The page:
How to be comfortable with conflict
If you are going to be a good role model and lead by example, you will have to get comfortable with confronting conflict.
The problem is that as much as leaders express their discomfort with conflict, they are even more averse to confronting it. For this reason, it’s a good idea to understand that there is a difference between confronting a conflict and being directly engaged in it.
The word “conflict” can conjure up a host of definitions and interpretations.
As with anything in life, your understanding of this word results from your experiences of being confronted and confronting others.
When most people think about confronting another person, they typically think about a face-to-face argument or a fight of some kind.
This means that aggression is involved and there will be a loser and a winner.
Fear enters the picture
A win-or-lose attitude naturally evokes all the fears that you may have about conflict and how successfully you face it. This perspective to confrontation might emphasize the importance of winning or compel you to consider avoiding conflict altogether.
I strongly suggest that you broaden your definition of the word “confront,” recognizing its more positive and constructive meaning. By doing so, you become more conscious of your choices and much more effective.
Let’s start with the full definition of the word. At its root, the word “confront” means to face something. The act of confronting is facing and dealing with a problem or difficult situation.
To become more familiar with the constructive and positive aspect of this word, here are some synonymous meanings:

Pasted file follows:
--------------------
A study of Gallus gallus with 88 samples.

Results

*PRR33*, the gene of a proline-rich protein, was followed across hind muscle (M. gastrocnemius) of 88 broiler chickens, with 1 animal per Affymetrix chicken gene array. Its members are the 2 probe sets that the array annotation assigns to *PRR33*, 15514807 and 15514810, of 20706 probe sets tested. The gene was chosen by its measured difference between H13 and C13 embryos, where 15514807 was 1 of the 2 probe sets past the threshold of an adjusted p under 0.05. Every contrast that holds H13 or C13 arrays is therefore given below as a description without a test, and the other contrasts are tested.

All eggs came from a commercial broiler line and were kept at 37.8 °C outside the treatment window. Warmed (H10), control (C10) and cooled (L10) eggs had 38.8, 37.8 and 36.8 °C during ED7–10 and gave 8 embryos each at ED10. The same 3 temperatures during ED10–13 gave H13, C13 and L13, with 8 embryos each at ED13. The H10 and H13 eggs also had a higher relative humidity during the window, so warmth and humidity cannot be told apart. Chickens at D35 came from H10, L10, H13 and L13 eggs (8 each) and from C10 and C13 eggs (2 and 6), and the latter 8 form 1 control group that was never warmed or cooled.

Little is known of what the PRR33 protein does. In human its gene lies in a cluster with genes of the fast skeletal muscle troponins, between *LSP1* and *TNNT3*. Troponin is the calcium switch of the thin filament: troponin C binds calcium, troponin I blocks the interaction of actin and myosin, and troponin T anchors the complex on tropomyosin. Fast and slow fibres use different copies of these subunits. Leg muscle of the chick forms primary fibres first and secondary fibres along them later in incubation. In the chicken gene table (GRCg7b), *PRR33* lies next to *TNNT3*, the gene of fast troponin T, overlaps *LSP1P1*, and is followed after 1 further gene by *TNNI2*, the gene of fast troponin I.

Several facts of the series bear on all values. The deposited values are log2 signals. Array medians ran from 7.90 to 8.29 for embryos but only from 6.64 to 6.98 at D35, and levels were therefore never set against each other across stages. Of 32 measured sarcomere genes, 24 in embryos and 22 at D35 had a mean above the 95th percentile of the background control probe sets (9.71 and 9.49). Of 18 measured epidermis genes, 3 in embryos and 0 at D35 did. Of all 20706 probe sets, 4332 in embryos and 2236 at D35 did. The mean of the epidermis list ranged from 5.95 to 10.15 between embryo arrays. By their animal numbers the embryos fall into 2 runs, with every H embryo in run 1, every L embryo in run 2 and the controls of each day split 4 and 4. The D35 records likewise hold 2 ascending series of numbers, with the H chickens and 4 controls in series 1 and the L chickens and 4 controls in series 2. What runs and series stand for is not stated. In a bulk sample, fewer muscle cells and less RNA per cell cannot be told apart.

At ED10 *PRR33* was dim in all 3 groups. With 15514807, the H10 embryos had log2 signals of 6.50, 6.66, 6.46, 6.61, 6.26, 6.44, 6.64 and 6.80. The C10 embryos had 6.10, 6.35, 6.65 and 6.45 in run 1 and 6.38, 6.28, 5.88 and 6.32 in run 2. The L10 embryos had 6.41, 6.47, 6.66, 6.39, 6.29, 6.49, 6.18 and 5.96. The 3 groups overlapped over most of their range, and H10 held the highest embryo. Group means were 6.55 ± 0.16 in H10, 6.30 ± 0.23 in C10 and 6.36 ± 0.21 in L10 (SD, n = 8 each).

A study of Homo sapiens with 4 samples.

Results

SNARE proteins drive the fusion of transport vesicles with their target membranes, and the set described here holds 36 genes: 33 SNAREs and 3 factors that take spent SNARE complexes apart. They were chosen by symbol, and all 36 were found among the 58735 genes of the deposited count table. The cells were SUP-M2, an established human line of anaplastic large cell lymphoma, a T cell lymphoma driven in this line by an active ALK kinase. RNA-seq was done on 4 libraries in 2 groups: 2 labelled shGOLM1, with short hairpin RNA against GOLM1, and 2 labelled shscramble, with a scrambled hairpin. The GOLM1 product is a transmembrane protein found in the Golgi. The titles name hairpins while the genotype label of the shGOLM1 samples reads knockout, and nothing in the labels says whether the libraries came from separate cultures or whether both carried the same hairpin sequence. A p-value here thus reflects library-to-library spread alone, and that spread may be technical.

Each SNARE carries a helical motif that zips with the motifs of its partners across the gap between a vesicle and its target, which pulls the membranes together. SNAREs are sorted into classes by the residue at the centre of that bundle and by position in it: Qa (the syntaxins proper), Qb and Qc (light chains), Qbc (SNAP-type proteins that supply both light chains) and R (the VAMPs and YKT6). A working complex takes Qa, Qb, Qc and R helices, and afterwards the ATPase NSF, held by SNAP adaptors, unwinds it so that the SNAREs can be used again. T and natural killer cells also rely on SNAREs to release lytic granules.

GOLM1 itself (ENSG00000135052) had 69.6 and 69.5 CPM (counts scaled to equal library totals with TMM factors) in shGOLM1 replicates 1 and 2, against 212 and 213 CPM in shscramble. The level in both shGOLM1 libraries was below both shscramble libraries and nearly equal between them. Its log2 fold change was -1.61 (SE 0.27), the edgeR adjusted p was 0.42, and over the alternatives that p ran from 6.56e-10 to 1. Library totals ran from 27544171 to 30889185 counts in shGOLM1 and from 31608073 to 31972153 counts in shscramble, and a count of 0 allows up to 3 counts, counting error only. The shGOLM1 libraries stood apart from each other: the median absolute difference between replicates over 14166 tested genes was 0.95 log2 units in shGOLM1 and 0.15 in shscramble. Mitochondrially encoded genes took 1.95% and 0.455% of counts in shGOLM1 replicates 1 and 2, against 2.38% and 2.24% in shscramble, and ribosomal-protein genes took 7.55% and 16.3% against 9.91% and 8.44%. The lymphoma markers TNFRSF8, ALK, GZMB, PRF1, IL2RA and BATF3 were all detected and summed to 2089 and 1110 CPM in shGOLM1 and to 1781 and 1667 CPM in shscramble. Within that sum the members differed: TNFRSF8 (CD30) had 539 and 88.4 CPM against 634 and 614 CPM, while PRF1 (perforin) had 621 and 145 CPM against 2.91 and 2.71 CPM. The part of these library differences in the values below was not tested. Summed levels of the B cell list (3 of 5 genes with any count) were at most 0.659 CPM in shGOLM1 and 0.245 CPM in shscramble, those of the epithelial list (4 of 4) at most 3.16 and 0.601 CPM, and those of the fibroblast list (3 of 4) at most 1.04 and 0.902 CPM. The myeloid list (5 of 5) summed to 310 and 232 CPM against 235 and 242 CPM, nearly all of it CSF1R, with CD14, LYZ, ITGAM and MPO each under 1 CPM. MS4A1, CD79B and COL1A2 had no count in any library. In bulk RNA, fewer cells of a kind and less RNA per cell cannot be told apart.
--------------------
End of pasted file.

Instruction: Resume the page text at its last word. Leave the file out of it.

- To address.
- To come to grips with.
- To tackle.
- To see to.
- To grapple with.
- To handle.
- To attend to.
- To manage.
The missing word
To this list, I suggest you add “to lead.”
The definition I like to use when coaching leaders and in my workshops is “to face the truth.” Rather than thinking of conflict as a form of separation and a means to hostility and combativeness, I suggest you think of it as an invitation to the party you are in conflict with, asking them to participate in exploring the real issues and challenges that need to be discussed.
To succeed in encouraging others to play differently demands a significant shift in your thinking. Based on your experiences and learning, you might assume that others are apt to be aggressive during conflict and, therefore, you must counter forcefully. Consciously changing your thinking means using confrontation as a path to a more collaborative dialogue.
When thinking about the more constructive and positive view of confrontation, you will also find it useful to identify and come to terms with the various forms of avoidance you may be using. Avoidance is a tempting proposition.
Yet if your aim is to lead an innovative and open culture, there is no room for it.
A globally recognized, award-winning speaker and author, Edgar Papke is author of the new book The Elephant in the Boardroom. www.edgarpapke.com.